Ford cantaloupes grown at Jensen Farms in Granada, Colorado.
Thirteen people have died in what now appears to be the most fatal
US outbreak of a food-borne illness since 1998 according the FDA.
As of Monday, 9/26/11, 72 illnesses and 13 deaths have resulted from
people eating infected cantaloupe. The bacteria, Listeria, can take up
to three weeks or longer to make a person sick.



The Jensen Farms Listeria outbreak appears to be isolated in these States: Arizona, Colorado, Illinois, Kansas, Missouri, Minnesota, Nebraska, New Mexico, New Jersey, New York, North Carolina, Oklahoma, Pennsylvania, Texas, Tennessee, Utah, and Wyoming. (The Jensen recall contained 17 States. The CNN report also contained California, Michigan and Florida, so it is likely at at least one of those States reported one or more cases.)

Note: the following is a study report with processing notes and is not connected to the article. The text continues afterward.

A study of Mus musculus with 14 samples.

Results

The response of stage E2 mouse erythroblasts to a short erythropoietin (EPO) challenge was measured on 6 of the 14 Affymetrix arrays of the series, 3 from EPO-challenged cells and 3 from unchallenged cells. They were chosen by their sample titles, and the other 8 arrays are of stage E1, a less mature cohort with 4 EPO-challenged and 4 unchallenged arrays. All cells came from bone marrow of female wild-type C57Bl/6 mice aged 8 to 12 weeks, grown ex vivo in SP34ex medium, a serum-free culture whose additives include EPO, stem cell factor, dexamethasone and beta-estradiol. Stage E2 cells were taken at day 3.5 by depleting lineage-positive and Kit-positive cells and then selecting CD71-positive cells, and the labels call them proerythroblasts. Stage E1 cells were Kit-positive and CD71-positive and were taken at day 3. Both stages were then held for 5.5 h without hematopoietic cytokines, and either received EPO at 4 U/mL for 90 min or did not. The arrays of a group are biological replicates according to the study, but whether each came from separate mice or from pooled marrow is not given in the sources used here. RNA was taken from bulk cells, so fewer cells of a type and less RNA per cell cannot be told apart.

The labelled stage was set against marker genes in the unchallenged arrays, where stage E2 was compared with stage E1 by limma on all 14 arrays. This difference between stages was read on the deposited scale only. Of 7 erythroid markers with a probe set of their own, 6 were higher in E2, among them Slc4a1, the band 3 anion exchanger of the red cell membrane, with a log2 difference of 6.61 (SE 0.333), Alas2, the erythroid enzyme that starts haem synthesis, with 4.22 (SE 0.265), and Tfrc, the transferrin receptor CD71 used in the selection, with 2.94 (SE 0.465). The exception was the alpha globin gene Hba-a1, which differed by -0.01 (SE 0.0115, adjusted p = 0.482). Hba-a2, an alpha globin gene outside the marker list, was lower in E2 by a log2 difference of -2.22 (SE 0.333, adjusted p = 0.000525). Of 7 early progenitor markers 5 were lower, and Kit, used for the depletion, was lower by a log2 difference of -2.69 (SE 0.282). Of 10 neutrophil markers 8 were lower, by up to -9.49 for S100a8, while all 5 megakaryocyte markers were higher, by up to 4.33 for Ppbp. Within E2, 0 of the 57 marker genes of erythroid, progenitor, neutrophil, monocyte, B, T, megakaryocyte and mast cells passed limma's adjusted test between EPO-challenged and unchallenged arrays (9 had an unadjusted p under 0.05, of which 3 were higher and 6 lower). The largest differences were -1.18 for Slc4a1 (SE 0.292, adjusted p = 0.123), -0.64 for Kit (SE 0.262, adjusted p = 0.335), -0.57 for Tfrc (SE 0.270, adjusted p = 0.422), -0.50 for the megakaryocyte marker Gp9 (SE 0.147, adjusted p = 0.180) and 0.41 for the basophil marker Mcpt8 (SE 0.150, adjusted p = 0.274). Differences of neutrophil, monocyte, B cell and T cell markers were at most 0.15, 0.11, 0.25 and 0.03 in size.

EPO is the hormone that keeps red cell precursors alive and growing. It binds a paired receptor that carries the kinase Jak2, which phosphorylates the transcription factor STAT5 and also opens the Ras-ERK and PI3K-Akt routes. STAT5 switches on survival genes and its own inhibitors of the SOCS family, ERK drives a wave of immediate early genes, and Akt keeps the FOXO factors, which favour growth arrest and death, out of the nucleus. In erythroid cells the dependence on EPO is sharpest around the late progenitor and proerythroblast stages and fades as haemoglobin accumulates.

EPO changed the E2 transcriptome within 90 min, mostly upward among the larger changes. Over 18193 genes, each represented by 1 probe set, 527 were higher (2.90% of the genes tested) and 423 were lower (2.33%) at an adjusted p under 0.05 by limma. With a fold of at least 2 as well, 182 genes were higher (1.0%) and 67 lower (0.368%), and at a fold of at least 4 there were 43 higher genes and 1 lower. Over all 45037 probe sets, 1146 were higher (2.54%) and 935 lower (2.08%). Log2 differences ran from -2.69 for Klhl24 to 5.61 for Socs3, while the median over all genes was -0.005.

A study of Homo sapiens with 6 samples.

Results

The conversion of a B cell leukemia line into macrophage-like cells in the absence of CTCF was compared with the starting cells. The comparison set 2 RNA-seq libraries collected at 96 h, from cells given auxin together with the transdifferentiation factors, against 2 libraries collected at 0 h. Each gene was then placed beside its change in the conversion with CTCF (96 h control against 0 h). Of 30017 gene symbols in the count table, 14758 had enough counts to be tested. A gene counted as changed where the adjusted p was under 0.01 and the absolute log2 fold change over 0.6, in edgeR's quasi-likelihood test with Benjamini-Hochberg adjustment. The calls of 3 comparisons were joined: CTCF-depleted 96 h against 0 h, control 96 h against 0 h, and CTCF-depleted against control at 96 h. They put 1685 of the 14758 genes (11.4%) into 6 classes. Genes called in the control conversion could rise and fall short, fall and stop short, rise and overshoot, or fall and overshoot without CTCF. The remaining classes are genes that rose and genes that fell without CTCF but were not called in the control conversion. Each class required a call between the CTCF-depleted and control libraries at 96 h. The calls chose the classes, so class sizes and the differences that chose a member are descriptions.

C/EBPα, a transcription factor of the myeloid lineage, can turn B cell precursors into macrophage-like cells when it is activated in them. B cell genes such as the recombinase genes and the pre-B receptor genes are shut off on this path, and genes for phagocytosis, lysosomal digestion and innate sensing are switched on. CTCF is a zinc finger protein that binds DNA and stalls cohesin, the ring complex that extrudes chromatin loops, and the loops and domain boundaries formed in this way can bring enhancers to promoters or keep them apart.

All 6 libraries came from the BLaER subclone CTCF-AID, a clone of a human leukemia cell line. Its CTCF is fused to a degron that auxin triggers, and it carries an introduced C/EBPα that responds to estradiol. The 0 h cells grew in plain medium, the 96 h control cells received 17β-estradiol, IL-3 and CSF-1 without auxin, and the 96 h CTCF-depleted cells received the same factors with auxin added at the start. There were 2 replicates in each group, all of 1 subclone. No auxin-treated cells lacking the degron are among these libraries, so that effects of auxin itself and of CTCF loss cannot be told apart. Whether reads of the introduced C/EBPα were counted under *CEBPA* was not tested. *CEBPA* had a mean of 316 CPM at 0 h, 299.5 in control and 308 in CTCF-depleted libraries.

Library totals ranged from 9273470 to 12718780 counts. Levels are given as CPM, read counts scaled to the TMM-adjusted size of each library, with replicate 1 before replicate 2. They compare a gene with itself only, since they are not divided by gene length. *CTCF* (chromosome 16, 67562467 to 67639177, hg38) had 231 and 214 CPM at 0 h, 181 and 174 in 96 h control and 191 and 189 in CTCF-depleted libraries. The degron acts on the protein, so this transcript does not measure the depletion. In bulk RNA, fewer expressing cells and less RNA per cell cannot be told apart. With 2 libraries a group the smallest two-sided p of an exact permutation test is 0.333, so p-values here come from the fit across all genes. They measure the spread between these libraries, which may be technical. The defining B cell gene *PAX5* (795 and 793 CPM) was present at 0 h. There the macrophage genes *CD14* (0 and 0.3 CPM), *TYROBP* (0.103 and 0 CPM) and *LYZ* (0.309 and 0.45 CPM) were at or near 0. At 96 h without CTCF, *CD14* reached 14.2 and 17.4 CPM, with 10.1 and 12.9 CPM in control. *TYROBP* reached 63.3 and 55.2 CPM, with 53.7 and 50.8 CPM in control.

The outbreak, blamed on Listeria monocytogenes, was first reported on Sept. 12. The cantaloupes were traced to Holly Colorado-based Jensen Farms' fields in Granada, Colorado. Jensen issued a statement on Sept. 14 stating they had voluntarily recalled Rocky Ford whole cantaloupes "...because they have the potential to be contaminated with Listeria...L.monocytogenes is a bacterium that can contaminate foods and cause a mild noninvasive illness (called listeria gastroenteritis or a severe, sometimes life-threatening illness (called invasive Listeriosis)." Those most likely to become infected are the elderly and/or those with compromised immune systems. Also at risk are fetuses and neonates who become infected when the mother is exposed to the bacterium during pregnancy.